One thing I mentioned recently was transcribing and learning other people’s solos by ear. In this blog post, I’m listing 11 Traditional Bluegrass banjo Solos that every banjo player should have on their radar. Each of these cool banjo breaks contains unique banjo licks or is often requested at local jams.
Essential Bluegrass Banjo Solos
1)“Honey You Don’t Know my mind”-J.D Crowe. Pay particular attention to two things-The neat lick played over the D chord and how the breaks and verse have different chord changes. You’ll notice that the banjo solo only holds the C chord for one measure, while the singing/verse holds it for two measures. I use this D lick in lots of songs, not just this one.
2)“Old Home Place”-J.D Crowe. This is what I call one of those “bluegrass national anthem” songs because it’s played so much. One of my favorite things in this solo, is what Crowe plays over the C chord. It’s like a modified tag roll. The solo is also full of vocabulary you’ll hear constantly in bluegrass; especially the G measure connecting you to the D chord. This features an all star band of Tony Rice, Ricky Scaggs, and more. Don’t forget the backup, I stole a lot of backup licks from this tune. Lastly, the recording is in the key of Bb, so you’ll have to bust out the capo.
3)“Sunny Side of the Mountain”-Sonny Osborne. Sonny plays some really awesome stuff over the D chord in his second break. It involves the use of a droning 4th string and what are called sixths (or 3rds, depending on how you look at it). For your own study purposes, I might suggest listening to this and then listening to the Jimmy Martin versions as well, comparing the banjo breaks, picking out things you like in each.
4)“Why Not Confess”-Allen Shelton. One of the only instances of a Maj7th used in a traditional bluegrass solo at that time. This is still one of my favorite banjo breaks of all-time. What a lovely way to play on this song at a reasonable pace. Pitched in the key of E, so you’ll have to spike the 5th string to “B.”
5)“Salty Dog Blues”-Earl Scruggs. What can we say, it’s Earl Scruggs and I couldn’t make a list without mentioning Earl. This solo contains lots of the quintessential Scruggs vocabulary. You’ll want to do both the lower and higher breaks. Pay close attention to what Scruggs plays on the A and D chords. I’m only listing one Scruggs solo because most banjo players are familiar with his material. If you want an easy version to start with, here is a BEGINNER VERSION I made:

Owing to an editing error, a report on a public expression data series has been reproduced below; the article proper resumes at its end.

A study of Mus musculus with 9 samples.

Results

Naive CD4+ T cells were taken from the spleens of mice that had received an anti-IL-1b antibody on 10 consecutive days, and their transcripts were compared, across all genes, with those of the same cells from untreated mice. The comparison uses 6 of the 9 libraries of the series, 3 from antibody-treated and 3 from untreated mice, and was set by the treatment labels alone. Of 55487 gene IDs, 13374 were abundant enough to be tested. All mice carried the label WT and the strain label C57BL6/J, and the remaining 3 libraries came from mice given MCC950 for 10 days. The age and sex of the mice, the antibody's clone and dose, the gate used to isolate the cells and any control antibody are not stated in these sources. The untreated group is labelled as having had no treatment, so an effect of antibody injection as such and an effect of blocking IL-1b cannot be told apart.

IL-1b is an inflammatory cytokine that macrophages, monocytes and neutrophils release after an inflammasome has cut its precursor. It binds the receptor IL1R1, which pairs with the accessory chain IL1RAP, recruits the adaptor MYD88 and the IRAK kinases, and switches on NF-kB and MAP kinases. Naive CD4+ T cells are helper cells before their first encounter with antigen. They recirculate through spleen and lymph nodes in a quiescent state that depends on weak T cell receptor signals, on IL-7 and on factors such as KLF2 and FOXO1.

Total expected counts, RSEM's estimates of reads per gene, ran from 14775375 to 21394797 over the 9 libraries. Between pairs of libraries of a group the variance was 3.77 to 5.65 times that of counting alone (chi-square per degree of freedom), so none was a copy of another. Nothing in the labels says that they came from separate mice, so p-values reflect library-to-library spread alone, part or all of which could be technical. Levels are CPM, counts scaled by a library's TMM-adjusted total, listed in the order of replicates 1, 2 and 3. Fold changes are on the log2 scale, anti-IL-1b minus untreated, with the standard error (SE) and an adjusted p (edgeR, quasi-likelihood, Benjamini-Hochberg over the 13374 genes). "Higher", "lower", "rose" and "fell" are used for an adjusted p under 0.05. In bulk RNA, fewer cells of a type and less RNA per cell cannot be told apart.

6)“I Wish You Knew”-Allen Shelton. What can I say, I’m a huge Allen Shelton fan. The entrance to this solo is one of my favorites, I use it all the time. It’s like saying, “HERE IS THE BANJO SOLO!” There are also some really nice roll patterns used on the C chord as well.
7)“Little Maggie”-Ralph Stanley. No bluegrass solo list would be complete without Ralph Stanley. You’ll get a nice look into his right hand with this classic solo.
8)“Little Dave”-Vic Jordan, it’s on the Pickaway album. This is an underrated album. Much of the album ventures into melodics, but there is also some more traditional roll-based licks too. When I was learning how to play banjo, “Little Dave” was a festival favorite, can’t say I hear it too much these days.
9)“I Know You’re Married”-Don Reno. This is one of Don Reno’s most famous solos. Contains the thumb brush-stroke and some rock-n-roll inspired sounds. One day someone might want you to do a Don Reno impression, and you’ll go far with this one 🙂
10)“Theme Time”-Bill Emerson. The B section contains a run down in 3rds that is ESSENTIAL bluegrass vocabulary. I use these licks in a ton of songs. JD Crowe also did a version of this with Jimmy Martin, be sure to check that out for comparison.
11)“Banjo Signal”-Once again, Don Reno. It’s difficult to choose which Don Reno solos to pick; however, I think this one is relatively accessible. It contains some neat patterns like 6ths that you can put to use often. I know I use this a TON in my own playing. At the same time, you might want to listen to different versions, as Don really put some speed to certain versions of this. John Hickman has a great version as well.